Auckland has the vision to be the world's most liveable city.

Immigration into New Zealand is at record levels and most newcomers and returnees wish to come to Auckland - so our city must be an attractive destination.

However, partly as a result of this inflow, our transport infrastructure is stretched.

In August last year Auckland Mayor Phil Goff noted the productivity losses from congestion alone are estimated at between $1.5 billion and $2b a year.


Moreover, pressure on our transport system will intensify as the city's population is estimated to grow by almost 50 per cent over the next 30 years, adding a further 700,000 people for a total of 2.2 million residents.

The amount of freight travelling on Auckland's roads is projected to rise by 78 per cent over the same time.

For transport alone, the gap between the 30-year funding requirement identified in Auckland Council's Long-Term Plan and the funding available from current sources is estimated to be $12b.

The shortfall cannot be financed by borrowing more as the council's debt will reach some $10b over the next three years.

That is because the council is already operating close to the 270 per cent ratio of debt to revenue it needs to operate within to preserve its AA credit rating.

But even if the council was to borrow more, the increased interest burden needs to be serviced now, ahead of the increase in rating revenue arising from future growth.

So what additional revenue sources are available to the council to fund, that is pay for, the increased infrastructure spend?

Half of the council's $3.2b annual operating revenue comes from rates.

If the $400 million average annual shortfall in infrastructure spending identified above was wholly funded from this source alone, it would require a step-up in the annual rates bill of around 25 per cent in the current year.

This is politically unsustainable.

Some form of road pricing could be used, such as a regional petrol tax or congestion charging.

However, a regional petrol tax has been ruled out by central government because it is "administratively unwieldy and prone to leakage", according to the Minister of Finance.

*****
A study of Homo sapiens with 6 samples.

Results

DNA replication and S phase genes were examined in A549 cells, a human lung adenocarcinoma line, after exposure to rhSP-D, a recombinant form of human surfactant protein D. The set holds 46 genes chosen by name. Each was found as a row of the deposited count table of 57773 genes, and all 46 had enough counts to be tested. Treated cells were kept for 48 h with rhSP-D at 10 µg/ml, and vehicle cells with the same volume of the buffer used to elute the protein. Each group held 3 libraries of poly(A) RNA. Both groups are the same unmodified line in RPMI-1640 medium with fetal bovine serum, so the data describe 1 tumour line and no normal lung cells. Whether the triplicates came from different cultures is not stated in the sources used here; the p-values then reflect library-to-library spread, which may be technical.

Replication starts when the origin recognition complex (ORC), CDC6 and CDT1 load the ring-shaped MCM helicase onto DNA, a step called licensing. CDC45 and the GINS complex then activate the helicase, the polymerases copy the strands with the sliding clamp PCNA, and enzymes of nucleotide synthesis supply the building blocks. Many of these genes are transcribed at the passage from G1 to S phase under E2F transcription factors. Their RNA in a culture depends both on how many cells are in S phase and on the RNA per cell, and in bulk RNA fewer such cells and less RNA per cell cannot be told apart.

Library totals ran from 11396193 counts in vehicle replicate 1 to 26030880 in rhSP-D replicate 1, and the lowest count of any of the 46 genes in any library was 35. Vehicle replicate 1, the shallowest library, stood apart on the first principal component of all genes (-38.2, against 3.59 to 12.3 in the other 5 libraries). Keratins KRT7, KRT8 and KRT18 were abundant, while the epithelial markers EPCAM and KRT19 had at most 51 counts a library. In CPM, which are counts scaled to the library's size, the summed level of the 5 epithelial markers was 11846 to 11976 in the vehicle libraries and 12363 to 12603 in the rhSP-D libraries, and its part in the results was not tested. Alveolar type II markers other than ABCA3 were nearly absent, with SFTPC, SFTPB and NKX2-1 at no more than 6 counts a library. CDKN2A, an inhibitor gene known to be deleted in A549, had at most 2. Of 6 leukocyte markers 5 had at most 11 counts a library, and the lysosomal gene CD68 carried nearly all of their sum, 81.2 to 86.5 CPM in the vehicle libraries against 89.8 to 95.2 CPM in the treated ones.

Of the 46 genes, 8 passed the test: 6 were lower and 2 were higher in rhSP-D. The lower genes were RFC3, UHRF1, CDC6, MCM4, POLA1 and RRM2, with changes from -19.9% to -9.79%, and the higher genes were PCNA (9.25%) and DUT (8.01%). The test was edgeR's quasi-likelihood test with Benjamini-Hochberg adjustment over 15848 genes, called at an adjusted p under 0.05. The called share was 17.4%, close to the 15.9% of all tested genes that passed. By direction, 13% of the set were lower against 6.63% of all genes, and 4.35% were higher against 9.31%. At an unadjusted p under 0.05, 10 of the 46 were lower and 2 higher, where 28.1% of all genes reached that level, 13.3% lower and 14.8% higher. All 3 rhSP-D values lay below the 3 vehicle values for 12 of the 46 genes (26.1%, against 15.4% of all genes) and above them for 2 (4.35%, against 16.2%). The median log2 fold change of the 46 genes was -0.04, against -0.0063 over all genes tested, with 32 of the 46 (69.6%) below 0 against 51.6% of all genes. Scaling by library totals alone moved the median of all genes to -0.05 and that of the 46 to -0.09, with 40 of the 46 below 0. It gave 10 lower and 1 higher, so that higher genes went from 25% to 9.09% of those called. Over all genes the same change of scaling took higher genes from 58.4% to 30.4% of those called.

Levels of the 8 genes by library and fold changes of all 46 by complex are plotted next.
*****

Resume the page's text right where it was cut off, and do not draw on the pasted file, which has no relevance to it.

A congestion charge has much to recommend it because it would assist in demand management.

Through shifting usage away from peak periods, it defers the need for future investment and buys time for new and more cost-effective technologies to emerge.
It could also be a means of delivering increased revenue which could fund additional infrastructure.

However implementation of congestion pricing might be 10 years away. So what do we do in the interim?

Public private partnerships (PPPs) have been proposed. PPPs are a long-term contract to deliver a service, where provision of the service requires the construction of a new asset, or enhancement of an existing asset.

Private sources finance the asset, while the Crown/council concerned retains full legal ownership.

For example, a PPP has been used to design, construct, finance, operate and maintain the new 27km Transmission Gully highway for 25 years after the five-year construction period.

The New Zealand Transport Agency expects the PPP will deliver the project at a lower "whole of life" cost than the public sector could obtain through conventional procurement.

The PPP model also encourages the most advanced technology and innovative approaches from overseas to be brought to this and, potentially, other projects.

Though PPPs are an innovative way to procure infrastructure with significant efficiency benefits, they are not a means of project funding where the loans and interest are repaid by the sponsoring government or local authority.

A form of funding that has found favour with the New Zealand Productivity Commission, in its recently published report on urban planning in New Zealand, is called "value capture".

The essence is that landowners are taxed on the uplift in unimproved land values arising from the infrastructure put in place by the council concerned.

It is only fair that a portion of the windfall gains enjoyed by landowners should be retained for the benefit of the community.

The value capture tool has been used to part-fund London's Crossrail railway line, currently under construction. The Greater London Authority is raising £5.2b of the estimated £14.8b project cost from value-capture sources - a third of the total.

Auckland Council's Long-Term Plan includes some $25b in capital expenditure on transport projects over the next 30 years.

Even where only half of this expenditure was amenable to value capture, the potential additional revenue of $4b would make a material difference to bridging the funding gap.

Jim McElwain is the Executive Director, Institute of Finance Professionals NZ Inc (INFINZ).